Wow. Seriously, wow. I love this book and it’ll stay with me for a while, because I can’t stop thinking about it. The title, Me Before You, even haunts me because it’s how I feel about this book. The author, Jojo Moyes, has ensured that I will never look (or pretend I don’t see) a person in a wheelchair in quite the same way again. It also unsettled me because I keep considering, or rather fearing, what I’d do if I became a quadriplegic. Or my husband? Or my children? Yet I don’t regret reading the book, because I smile when I think about Will and Louisa and keep wondering, what if circumstances could have been different for these two?
Will Traynor was a man about town who was the president of a company, a thrill-seeker and a ladies’ man who loved his life. Then he was cut down in his prime by a tragic accident. Now living as a quadriplegic, his days are filled with therapy, prescriptions, catheter changes and a humiliating dependence on others for everything. He lives under an oppressive cloak of depression, fear and pain. His family hires Louisa, to be his companion/caregiver during the day. It doesn’t take long for Louisa to figure out the true reason for her position, which is to ensure that Will doesn’t try to take his own life. However, once his family sees their connection, she’s asked to help them convince Will to want to live.
Many people have that moment in life when something occurs that forever changes everything, an event that literally makes the world stop because nothing will ever be the same. Will’s moment was obviously his accident, but Louisa had one too, causing her to pick the safest path in life. Louisa’s contentment with her small life frustrates Will. He is a prisoner of his own body and she is a prisoner of her fear. The twist in this story is that as Louisa attempts to convince Will that his life is not over, that he can still do things, that he can have a new life….Louisa starts to realize this may be true for her as well.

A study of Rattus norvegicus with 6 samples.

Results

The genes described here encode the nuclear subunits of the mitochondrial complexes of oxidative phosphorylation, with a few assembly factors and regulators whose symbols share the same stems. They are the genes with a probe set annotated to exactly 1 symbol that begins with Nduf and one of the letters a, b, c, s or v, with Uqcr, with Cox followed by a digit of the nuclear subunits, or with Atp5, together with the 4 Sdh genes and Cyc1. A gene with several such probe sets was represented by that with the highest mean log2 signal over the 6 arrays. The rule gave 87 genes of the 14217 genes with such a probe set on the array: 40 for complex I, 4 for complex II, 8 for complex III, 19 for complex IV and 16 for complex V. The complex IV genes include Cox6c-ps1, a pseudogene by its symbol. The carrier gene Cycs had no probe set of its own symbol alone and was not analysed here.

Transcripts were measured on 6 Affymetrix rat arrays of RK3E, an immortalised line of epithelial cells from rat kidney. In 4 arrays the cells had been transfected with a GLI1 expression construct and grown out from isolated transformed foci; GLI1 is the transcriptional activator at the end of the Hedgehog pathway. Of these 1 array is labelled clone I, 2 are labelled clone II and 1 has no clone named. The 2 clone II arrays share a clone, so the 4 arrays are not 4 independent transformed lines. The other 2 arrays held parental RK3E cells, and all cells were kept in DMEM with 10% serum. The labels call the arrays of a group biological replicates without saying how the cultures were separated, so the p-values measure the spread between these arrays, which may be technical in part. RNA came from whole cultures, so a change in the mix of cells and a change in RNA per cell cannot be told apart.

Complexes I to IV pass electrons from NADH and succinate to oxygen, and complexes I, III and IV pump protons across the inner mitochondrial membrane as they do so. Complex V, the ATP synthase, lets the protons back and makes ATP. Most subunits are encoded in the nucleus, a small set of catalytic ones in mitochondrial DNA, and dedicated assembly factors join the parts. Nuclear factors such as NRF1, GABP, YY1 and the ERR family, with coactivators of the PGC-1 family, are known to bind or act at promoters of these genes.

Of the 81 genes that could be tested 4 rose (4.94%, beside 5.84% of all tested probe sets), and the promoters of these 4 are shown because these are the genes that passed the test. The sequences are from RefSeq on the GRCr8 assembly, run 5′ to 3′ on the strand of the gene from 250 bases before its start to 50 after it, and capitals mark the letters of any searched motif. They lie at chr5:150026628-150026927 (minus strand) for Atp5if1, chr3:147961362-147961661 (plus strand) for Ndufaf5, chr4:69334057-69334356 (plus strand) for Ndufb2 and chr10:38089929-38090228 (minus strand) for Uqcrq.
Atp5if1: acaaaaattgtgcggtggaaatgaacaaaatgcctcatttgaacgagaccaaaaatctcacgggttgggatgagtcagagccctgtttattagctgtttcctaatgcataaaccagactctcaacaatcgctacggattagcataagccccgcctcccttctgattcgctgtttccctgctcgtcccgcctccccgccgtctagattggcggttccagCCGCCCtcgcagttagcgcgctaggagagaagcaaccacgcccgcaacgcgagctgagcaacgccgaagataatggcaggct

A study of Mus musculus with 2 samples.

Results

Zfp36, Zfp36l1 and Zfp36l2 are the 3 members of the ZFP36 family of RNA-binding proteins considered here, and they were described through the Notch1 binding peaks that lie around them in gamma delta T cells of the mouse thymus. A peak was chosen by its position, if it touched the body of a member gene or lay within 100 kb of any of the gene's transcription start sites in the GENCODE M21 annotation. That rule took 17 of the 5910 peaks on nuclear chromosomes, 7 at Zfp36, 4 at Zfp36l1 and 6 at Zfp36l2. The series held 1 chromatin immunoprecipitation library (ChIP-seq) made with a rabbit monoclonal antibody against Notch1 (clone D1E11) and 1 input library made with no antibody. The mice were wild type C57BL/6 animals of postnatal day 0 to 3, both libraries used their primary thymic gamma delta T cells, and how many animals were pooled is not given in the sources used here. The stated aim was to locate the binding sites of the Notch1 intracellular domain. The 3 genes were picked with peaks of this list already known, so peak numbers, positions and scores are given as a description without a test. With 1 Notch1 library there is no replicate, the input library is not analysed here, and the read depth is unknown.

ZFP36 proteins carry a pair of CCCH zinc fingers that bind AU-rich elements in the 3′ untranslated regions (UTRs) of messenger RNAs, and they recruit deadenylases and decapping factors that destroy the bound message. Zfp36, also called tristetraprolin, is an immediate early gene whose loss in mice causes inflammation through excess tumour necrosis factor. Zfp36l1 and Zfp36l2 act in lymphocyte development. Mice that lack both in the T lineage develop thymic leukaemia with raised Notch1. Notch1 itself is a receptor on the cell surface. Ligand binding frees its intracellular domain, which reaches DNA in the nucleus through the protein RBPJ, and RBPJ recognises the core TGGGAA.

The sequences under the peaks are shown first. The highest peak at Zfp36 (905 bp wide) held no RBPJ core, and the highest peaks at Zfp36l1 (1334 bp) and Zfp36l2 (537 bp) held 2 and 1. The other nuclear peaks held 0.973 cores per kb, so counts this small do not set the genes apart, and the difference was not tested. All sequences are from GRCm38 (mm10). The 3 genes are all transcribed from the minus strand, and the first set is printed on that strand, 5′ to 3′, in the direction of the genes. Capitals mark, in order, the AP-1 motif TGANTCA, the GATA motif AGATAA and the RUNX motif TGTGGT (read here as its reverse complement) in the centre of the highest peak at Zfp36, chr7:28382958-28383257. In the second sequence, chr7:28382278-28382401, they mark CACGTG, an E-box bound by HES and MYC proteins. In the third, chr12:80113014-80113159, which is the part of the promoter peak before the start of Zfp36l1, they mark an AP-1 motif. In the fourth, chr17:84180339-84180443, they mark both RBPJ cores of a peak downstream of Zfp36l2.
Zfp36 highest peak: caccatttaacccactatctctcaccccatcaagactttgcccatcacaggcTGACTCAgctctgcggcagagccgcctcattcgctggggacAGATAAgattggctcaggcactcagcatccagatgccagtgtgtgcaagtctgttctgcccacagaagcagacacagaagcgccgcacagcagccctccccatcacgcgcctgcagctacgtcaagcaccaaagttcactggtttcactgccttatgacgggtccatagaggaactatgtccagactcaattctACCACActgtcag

The caregiving relationship offers many opportunities for intimacy, even if forced. After bathing, feeding and dressing someone, you feel quite comfortable telling your secrets to them. The story really came alive when it was just Will and Louisa. One of my favorite parts of this book is the dialogue…the banter between the two is priceless. They stimulate one another. The irony is that, if not for the wheelchair, their lives would never have intersected.
I’m one of a handful of people who hasn’t read 50 Shades of Grey. Honestly, the story of a sado-masochist doesn’t appeal to me, but I can’t tell you how many people would say, “It’s a love story!” Well, I now find myself trying to persuade people to read a book about a quadriplegic. If the roles were reversed, I’d be rolling my eyes. But this IS a love story, and a beautiful one. They love each other and each one wants to save the other.
My biggest gripe about the story is that the gorgeous, funny and brilliant Will is a quadriplegic. I just kept praying for a literary miracle, so he’d get up and walk off into the sunset. Also, Will’s family was underdeveloped. There’s a chill between Will and his mom that is never quite explained, explored or resolved. His parents’ marriage is only being held together by Will’s condition, yet we don’t know why this is so. Don’t even get me started on Will’s sister. I think more time spent on his family and how they dealt with this tragic event would have added to the story.
Moyes is an amazing storyteller, capturing me right at the first chapter. She never ignored the fact that her hero was in a wheelchair and took the time to make sure the reader really understood what his daily existence was like. She successfully communicated his anger, fears and regrets. As a reader, I felt Louisa’s desperation to make Will’s life better. I desperately wanted to make it better, too. The ending wasn’t what I would have chosen, but I think Moyes wrote a realistic story that will leave you with bittersweet feelings, if somewhat of a broken heart. Once again, wow!
Thanks to Penguin for the book in exchange for an honest review. Check out their online book club kit!
Allie Smith, a former CPA who five years into her career decided that she hated working with numbers and willingly gave it all up to be a stay-at-home mom, lives in suburban Atlanta with her husband and four children. In between carpool, play dates and refereeing the kids, she loves to read and write. The mother of a child with autism, she is currently working on a memoir of their journey.